City of Delta Junction

Four days after Delta Junction's mayor ordered the local hockey rink closed to reduce the risk of coronavirus transmission, the City Council voted in Tuesday’s meeting to re-open it, in response to an outcry from the local hockey association.

Mayor J.W. Musgrove ordered the hockey rink closed last Friday in response to the growing number of Delta-area residents testing positive for coronavirus. And Governor Mike Dunleavy’s emergency declaration that urged Alaskans to take more precautions against it. But nearly half of the 50 people who attended the meeting said the city should re-open the rink because the Delta-Greely Skating Association had already put measures in place to limit spread of the virus.

“The City of Delta Junction does not have a mandate to wear a mask in public,” association vice president Wes Pinkelman said in testimony to the council. “But I do know one place that does have this mandate. That’s the ice arena.”
Pinkelman and board member Jen Brant both assured the council that the organization requires parents and their kids to abide by that and other provisions of the organization’s COVID-19 mitigation plan.

Brant says the plan complies with the Alaska State Hockey Association’s guidelines that encourage patrons to maintain social distancing and to stay away from the ice if any member of their household is diagnosed with the disease.
“Parents' players will be responsible for monitoring their individual health and abiding by the CDC guidelines posted on the entrance doors,” she said.
Brant says a waiver of liability signed by the organization’s 94 members protects the city from being held responsible for cases of covid that result from use of the city-owned facility. But the most moving testimony she and Pinkelman and several others gave had to do with the importance of maintaining the hockey program at a time when local youth have few alternatives.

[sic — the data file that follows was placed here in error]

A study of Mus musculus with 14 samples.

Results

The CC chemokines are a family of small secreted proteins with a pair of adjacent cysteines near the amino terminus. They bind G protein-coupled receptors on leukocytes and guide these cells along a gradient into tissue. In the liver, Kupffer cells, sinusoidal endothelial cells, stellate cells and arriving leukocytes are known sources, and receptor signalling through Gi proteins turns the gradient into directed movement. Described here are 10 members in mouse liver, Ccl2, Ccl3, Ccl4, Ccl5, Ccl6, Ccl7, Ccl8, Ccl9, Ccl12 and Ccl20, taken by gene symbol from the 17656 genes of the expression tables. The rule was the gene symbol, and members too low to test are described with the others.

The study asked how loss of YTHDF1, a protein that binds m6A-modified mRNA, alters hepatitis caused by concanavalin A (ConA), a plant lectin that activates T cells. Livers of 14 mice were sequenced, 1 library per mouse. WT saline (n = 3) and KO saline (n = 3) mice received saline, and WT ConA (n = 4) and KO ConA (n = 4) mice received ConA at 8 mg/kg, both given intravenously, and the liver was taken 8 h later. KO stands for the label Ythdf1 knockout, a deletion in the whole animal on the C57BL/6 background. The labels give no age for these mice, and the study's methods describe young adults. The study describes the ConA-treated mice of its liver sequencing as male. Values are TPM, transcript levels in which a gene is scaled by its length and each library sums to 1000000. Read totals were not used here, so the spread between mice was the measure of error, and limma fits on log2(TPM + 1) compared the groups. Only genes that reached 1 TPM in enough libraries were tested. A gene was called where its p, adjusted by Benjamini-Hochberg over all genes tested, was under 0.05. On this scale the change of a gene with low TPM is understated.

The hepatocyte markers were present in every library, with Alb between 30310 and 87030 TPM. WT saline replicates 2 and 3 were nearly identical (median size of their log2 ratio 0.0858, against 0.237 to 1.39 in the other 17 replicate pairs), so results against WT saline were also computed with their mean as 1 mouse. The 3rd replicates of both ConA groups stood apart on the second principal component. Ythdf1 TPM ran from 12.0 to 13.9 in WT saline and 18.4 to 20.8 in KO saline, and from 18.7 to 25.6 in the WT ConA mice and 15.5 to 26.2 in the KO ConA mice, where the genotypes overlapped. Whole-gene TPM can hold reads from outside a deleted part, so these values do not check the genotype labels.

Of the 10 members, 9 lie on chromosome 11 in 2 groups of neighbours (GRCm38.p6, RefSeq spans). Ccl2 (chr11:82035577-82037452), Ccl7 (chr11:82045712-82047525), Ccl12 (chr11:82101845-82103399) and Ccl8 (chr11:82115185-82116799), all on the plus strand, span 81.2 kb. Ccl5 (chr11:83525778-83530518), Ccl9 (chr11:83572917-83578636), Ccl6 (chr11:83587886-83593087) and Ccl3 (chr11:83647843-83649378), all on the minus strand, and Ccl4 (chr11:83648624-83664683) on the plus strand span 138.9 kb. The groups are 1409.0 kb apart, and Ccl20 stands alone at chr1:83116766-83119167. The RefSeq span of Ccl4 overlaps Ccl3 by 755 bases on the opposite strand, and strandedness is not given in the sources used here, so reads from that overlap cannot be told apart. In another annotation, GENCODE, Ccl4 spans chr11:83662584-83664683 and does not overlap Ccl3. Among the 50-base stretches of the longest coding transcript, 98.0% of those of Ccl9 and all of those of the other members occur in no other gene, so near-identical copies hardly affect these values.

“In a world where they’re being told ‘You can’t – you can’t go to school, you can’t gather with friends, you can’t be near another person – our hockey program provides them with a safe place where they can,” Brant said.
Others who spoke talked about individual responsibility and complained of government overreach. But council member Mike Prestegard explained that the mayor ordered the closure because of the growing number of positive coronavirus tests in recent weeks. The Delta COVID Incident Management Team says local clinics reported 47 positives in the week ending Tuesday, up from 32 over the previous week.

Credit City of Delta Junction
Despite city staff's efforts to maintain 6 feet of social distancing during Tuesday's meeting, most members of the audience sat or stood next to each other. About 50 people attended the meeting, including four council members and a city staffer. The council chamber's maximum capacity is 68.

“It’s hitting home,” Prestegard said. “That’s all I’m trying to tell you.”

Prestegard and Council Member Pete Hallgren both expressed reservations about the potential risks of re-opening the rink, but in the end, all six council members participating in the meeting voted in favor.
On Thursday, Musgrove said he thought when he issued the order that it was likely the council would change some of its provisions.
“All of those restrictions are daily under reconsideration,” he said, “depending on the medical situation in Delta Junction.”
Musgrove says that’s why the council decided to allow the nearly 50 people who showed up to enter City Hall, despite his order to close it to the public for walk-in business. The mayor said he considered the council meeting open to the public, because it's an essential service. He says city staff arranged the seats to keep attendees 6 feet apart.

But photographs of the meeting showed them sitting and standing next to each other. Most appeared to be wearing masks – except for the 10 or so kids in the audience.

Tim has worked in the news business for over three decades, mainly as a newspaper reporter and editor in southern Arizona. Tim first came to Alaska with his family in 1967, and grew up in Delta Junction before emigrating to the Lower 48 in 1977 to get a college education and see the world.